Prof. Eitan Tadmor

Eitan Tadmor is a Distinguished University Professor at the University of Maryland, College Park (UMd). After gaining his Ph.D. from Tel Aviv University in 1979, and a post-doc as a Bateman Instructor in CalTech, 1980-1982, he returned to his alma mater in 1983, where he later chaired the Department of Applied Math, 1991-1993. In 1995 Tadmor joined the UCLA Math Department where he was the founding co-director of the NSF Institute for Pure and Applied Math (IPAM), 1999-2001. In 2002, he was recruited to lead the UMd Center for Scientific Computation and Math Modeling (CSCAMM), and served as its first Director during the fourteen-year period of 2002-2016. Tadmor holds joint appointment in CSCAMM, the Math Department and IPST.

Tadmor delivered an invited lecture at the ICM2002 (Beijing), plenary addresses in the international conferences on hyperbolic problems (Zurich 1990 and Beijing 1998), the SIAM invited address at the 2014 Joint Math Meeting and the 2016 Leçons Jacques-Louis Lions at the Université Pierre et Marie Curie. In 2012 he was in the inaugural class of AMS Fellows.  He was the Principal Investigator (PI) for NSF Focus Research Group on “Kinetic Description of Multiscale Phenomena'' (2008-2012), and the NSF Research Network “Kinetic Description of Emerging Challenges in Natural Sciences'' (Ki-Net, 2012-2019).  In 2015, he was awarded the SIAM-ETH Henrici prize for “original, broad and fundamental contributions to the applied and numerical analysis of nonlinear differential equations''.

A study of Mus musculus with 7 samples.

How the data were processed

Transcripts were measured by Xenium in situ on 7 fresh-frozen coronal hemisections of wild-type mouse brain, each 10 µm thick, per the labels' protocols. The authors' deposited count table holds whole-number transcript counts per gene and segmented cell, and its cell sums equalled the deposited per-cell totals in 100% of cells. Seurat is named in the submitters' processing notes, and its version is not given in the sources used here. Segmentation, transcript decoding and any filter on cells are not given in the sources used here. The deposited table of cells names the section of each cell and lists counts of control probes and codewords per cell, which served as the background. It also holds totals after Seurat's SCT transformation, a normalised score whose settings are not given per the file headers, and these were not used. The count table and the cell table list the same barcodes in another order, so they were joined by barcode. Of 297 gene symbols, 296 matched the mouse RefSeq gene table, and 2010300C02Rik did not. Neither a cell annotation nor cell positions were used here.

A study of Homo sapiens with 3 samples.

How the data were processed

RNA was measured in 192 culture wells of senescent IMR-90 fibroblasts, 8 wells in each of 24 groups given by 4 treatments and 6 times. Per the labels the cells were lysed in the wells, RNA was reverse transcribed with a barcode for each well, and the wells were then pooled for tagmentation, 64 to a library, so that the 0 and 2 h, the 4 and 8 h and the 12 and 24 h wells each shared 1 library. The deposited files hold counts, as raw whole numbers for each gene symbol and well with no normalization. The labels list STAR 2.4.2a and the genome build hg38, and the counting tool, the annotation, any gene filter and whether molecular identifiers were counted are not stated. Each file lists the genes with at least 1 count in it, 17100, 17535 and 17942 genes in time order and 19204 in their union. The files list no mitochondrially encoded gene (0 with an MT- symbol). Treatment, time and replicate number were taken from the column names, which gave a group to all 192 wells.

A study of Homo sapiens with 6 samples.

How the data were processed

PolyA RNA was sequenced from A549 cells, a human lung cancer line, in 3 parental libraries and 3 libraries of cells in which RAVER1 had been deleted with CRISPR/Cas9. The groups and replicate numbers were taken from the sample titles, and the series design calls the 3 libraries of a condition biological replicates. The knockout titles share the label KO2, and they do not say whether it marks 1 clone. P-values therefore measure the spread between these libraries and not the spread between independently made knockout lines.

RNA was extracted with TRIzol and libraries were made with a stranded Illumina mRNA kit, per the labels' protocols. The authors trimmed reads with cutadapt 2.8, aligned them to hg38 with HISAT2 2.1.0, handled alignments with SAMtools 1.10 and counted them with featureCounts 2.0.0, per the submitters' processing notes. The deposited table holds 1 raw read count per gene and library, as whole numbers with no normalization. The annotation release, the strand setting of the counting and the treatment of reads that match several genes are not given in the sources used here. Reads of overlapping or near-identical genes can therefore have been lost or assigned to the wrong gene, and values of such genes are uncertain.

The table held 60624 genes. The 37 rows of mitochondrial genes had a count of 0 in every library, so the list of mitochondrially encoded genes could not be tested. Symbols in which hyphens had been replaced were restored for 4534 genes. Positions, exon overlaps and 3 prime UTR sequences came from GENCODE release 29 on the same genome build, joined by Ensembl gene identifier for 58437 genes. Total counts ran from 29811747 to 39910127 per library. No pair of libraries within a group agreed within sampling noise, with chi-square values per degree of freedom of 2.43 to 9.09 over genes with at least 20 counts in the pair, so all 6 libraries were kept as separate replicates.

In 2016-2017 he was a Senior Fellow at the Institute for Theoretical Studies at ETH-Zürich.

The signature of Tadmor's work is the interplay between analytical theories and computational algorithms with diverse applications to shock waves, kinetic transport, incompressible flows, image processing, and self-organized dynamics. In particular, he has made fundamental contributions to the development of high-resolution methods, introducing the class of central schemes, of entropy conservative schemes and the spectral viscosity method for nonlinear conservation laws, he was involved in pioneering analytical work on regularizing effects and on critical thresholds phenomena in such laws, introduced multi-scale hierarchical decompositions for solving ill-posed inverse problems in image processing, and introduced several new paradigms for self-organization in collective dynamics.